You may think of social media influencers and imagine Instagram models posting their favourite iced coffee or tea, urging you to use their promo code. You may discount influencer marketing and wonder how this model could ever be applied to arts organisations? HdK would like to give you an overview of why your organisation should consider using influencer tactics.
Digital marketing is ever-changing, but these individuals can sway consumers’ minds. So, who are these influencers, and what is their role in the arts and culture sector exactly?
Today, people want to hear from and see authentic people they can relate to. Influencers have the power to persuade their audience because of trust. Followers trust influencers because of the personal connection they feel through regular content output. In addition, influencers consistently post on a wide range of platforms on a niche topic, and as a result, the market of influencer types is rapidly expanding. These niches include fashion, art, travel, health, beauty, and more; anyone from fashionistas to art curators.
Many may assume the best way to reach an audience is to find someone with the largest amount of followers. But, this is not always the best way. The key to influencer marketing is delivering your message to a smaller, targeted audience rather than putting it out there for anyone. Today’s most effective type of influencer marketing is micro-and nano-influencers because their message is more likely to stick. These are influencers with high engagement and a particular audience that have recommendations you trust. In addition, social media influencers offer value to brands because of their dedicated followers, so how can arts marketing techniques tap into influencers?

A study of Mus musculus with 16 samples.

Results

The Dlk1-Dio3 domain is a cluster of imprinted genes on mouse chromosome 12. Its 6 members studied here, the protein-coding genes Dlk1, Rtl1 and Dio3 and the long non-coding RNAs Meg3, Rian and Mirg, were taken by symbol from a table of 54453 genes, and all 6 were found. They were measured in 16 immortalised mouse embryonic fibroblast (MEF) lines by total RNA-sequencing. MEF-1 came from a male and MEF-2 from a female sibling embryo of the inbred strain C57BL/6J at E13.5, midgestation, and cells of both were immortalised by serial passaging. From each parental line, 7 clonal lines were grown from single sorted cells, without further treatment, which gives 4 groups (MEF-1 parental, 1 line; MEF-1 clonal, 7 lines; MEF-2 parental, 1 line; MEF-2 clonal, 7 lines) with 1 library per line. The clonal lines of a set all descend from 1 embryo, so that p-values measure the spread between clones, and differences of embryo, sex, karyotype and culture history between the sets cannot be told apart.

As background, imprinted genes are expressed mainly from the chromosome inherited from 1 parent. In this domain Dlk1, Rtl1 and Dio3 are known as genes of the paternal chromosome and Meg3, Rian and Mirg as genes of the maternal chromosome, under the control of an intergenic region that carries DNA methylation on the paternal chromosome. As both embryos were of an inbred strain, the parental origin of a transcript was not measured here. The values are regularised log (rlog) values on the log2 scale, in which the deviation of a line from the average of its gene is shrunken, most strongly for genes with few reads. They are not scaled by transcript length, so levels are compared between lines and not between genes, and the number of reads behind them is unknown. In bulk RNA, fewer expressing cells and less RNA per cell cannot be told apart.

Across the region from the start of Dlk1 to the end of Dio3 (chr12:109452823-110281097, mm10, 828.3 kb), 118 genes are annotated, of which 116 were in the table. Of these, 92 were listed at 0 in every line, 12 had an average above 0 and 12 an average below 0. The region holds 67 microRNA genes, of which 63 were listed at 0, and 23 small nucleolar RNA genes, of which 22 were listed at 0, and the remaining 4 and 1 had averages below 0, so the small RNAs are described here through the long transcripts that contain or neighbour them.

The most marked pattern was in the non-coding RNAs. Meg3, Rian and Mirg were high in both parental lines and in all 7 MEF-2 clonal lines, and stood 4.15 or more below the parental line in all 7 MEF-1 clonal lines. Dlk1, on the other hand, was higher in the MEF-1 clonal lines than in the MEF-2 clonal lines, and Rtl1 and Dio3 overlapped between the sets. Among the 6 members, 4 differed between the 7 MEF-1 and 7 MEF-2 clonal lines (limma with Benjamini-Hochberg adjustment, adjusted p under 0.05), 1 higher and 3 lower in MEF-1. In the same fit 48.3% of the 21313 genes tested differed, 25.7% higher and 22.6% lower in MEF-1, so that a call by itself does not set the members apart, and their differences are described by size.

Finding the right influencers
Whether you want to target your audience as visitors or promote a product, influencer marketing enables you to deliver your message to a small, invested market. The most important aspect of influencer marketing is finding the right ones, and there are several things to consider when finding someone to capture your brand’s identity.
Firstly, consider your target audience and the channel you are looking to use. For example, do you want to use Instagram with posts and stories, YouTube videos, or shorter TikTok clips? The easiest way to target the right influencers is to know your audience and then approach them about a partnership. Be upfront and personable; having goals and performance indicators while engaging with them is essential.
Arts organisations and institutions are competitive, so it is essential to innovate and stand out. Any edge to differentiate your organisation from the rest is an asset to you. Influencer marketing may sound reserved for the likes of models or iced coffee lovers, but it may just be the way to get your works shared with a broader audience. Invite them to an opening night or an exhibition, or collaborate with them in promoting a pop-up event, for instance.
BTS, the hugely popular South Korean pop band, exemplify influencer marketing particularly well. The 27-year-old Korean pop star and leader of BTS, RM, has a deep appreciation of art. RM posted about his visit to Boston’s Museum of Fine Arts to his 35.7 million followers. His platform sent fans to visit and post photos themselves. His posts from visiting numerous museums and galleries have helped generate visitors for galleries around the world, and arts institutions have noted receiving a surge in social media engagement after RM’s posts.
Similarly, in 2018 Béyonce and Jay-Z helped the Louvre reach a record number of visitors. The Louvre was shown as the backdrop in the release of the two’s six-minute music video. It showcased iconic artworks such as the Mona Lisa and The Coronation of Napoleon throughout the museum and made every work easy to see. The video created a frenzy when it dropped, resulting in a record-breaking number of visitors.
Although not everyone can work with Béyonce and Jay-Z, this principle can be applied to any organisation or institution on a smaller scale. Influencers offer the ability to connect with their followers in ways institutions are limited.